President John F. Kenney (right) met with Soviet leader Nikta Khrushchev in June 1961.
President John F. Kenney (right) met with Soviet leader Nikta Khrushchev in June 1961.

The sprawling and ambitious legislation that passed recently on Beacon Hill carries an equally lofty moniker: grand bargain.

The bill, which Governor Charlie Baker is expected to sign on Thursday, seeks to raise the minimum wage, ensure paid medical and family leave, and avert a showdown on three ballot initiatives.

It’s unclear who first used “grand bargain” to describe the agreement that forged the Massachusetts bill. The term that has been used to refer to big proposals that involve big compromises in the hope of achieving big ambitions, according to the Applied History Project at Harvard.

The usage begins popping up in diplomatic and foreign-policy circles after World War I. Historically speaking, the Globe used the phrase the most in the 1920s (60 times).


It gained currency during the Cold War, according to a Wall Street Journal story about the phrase. The British newspaper the Observer noted in 1961 that while President Kennedy never “imagined the Cold War could be ended by one grand bargain,” he was open to meeting with Russian leader Nikita Khrushchev.

Through the years, calls have been issued for “grand bargains” to temper myriad global hot spots: Cuba, Iran, Iraq, Israeli-Palestinian tensions, and North Korea.

It was the term used by Grigory Yavlinsky and Harvard’s Graham Allison to propose in 1991 a Marshall Plan-like deal to assist the Soviet/Russian transition to free-market democracy.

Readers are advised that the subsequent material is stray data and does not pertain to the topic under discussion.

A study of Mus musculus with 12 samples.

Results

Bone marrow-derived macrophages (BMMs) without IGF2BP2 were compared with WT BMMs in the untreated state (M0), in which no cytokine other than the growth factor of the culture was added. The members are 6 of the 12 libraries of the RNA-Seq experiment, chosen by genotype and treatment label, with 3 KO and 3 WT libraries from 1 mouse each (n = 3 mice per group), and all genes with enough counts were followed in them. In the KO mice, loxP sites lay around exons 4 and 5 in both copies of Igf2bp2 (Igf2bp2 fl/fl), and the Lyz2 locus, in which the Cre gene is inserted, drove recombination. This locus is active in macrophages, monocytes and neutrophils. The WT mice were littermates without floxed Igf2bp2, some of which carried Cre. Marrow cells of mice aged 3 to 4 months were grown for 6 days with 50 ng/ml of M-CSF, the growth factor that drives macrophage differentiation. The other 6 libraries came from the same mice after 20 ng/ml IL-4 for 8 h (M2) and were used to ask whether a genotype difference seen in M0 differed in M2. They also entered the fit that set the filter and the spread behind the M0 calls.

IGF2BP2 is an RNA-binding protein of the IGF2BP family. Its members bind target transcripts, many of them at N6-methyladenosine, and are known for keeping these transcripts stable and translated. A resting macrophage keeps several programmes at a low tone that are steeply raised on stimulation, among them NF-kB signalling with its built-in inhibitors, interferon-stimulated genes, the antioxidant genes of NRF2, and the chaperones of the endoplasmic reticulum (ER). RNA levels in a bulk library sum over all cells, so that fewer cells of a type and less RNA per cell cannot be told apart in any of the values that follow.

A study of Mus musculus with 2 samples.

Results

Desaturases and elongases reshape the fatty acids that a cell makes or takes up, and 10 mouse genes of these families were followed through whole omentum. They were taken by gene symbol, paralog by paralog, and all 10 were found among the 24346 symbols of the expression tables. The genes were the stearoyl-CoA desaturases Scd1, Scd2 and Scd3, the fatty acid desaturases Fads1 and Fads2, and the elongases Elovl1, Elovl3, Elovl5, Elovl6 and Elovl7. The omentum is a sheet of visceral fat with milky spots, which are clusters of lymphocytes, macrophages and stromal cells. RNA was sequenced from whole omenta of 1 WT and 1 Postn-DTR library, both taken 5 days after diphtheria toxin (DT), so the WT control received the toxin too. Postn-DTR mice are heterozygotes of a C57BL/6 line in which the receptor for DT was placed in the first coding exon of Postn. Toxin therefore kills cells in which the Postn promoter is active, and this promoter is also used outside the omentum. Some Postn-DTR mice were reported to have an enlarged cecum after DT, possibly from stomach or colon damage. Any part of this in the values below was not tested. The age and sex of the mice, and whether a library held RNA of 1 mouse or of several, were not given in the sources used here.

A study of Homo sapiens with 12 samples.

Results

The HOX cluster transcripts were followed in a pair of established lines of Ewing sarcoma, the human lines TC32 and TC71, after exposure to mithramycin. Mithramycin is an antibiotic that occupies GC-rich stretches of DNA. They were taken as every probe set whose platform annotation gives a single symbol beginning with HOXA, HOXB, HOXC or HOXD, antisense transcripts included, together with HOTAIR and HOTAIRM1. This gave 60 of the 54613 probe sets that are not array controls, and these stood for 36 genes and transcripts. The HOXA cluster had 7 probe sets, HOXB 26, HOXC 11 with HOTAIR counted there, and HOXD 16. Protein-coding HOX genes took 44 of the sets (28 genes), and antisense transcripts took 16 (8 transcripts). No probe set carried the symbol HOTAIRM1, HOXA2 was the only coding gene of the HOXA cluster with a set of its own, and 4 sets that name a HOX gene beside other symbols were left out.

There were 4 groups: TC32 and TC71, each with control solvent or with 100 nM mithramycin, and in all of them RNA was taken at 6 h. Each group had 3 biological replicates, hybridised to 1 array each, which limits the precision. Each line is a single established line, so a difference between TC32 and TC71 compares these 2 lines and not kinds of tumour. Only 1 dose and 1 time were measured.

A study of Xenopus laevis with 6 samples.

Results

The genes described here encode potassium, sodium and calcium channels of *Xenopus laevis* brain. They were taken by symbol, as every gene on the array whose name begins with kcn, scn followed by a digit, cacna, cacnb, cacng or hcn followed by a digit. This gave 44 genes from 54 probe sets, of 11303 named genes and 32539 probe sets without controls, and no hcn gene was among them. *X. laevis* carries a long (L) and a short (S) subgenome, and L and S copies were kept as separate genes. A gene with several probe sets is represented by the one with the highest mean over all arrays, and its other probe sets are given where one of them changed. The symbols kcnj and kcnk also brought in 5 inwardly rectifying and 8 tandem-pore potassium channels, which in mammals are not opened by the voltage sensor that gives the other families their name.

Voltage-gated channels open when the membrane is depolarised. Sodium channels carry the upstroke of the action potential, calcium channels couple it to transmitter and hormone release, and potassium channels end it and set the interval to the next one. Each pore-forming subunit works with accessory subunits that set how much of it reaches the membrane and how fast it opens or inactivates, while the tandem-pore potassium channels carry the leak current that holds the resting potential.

Allan Gotlieb, the Canadian ambassador to the United States from 1981 to 1989, helped to further popularize the phrase when he called for greater unity among Mexico, Canada, and the United States in a 2002 article titled “Why not a grand bargain with the US?”

In the United States, the phrase has taken a turn toward domestic political parlance since at least the divided Congress of the mid-1980s.


In 2011, Democrats and Republicans sought a “grand bargain” during debates over historic cuts in the federal government and the social safety net in exchange for a federal tax increase. The compromise failed.

More recently, the Trump administration is begetting a surge of new usages. An op-ed column last week in The Washington Post declared: “Trump’s ‘grand bargain’ with Russia is an illusion.’’

In the case of Massachusetts, residents are waiting to see how grand this bargain will turn out to be.

Additional source: Graham Allison. Rosemarie McDonald of the Globe staff contributed to this report. Roy Greene can be reached at roy.greene@globe.com. Follow him on Twitter @roygreene.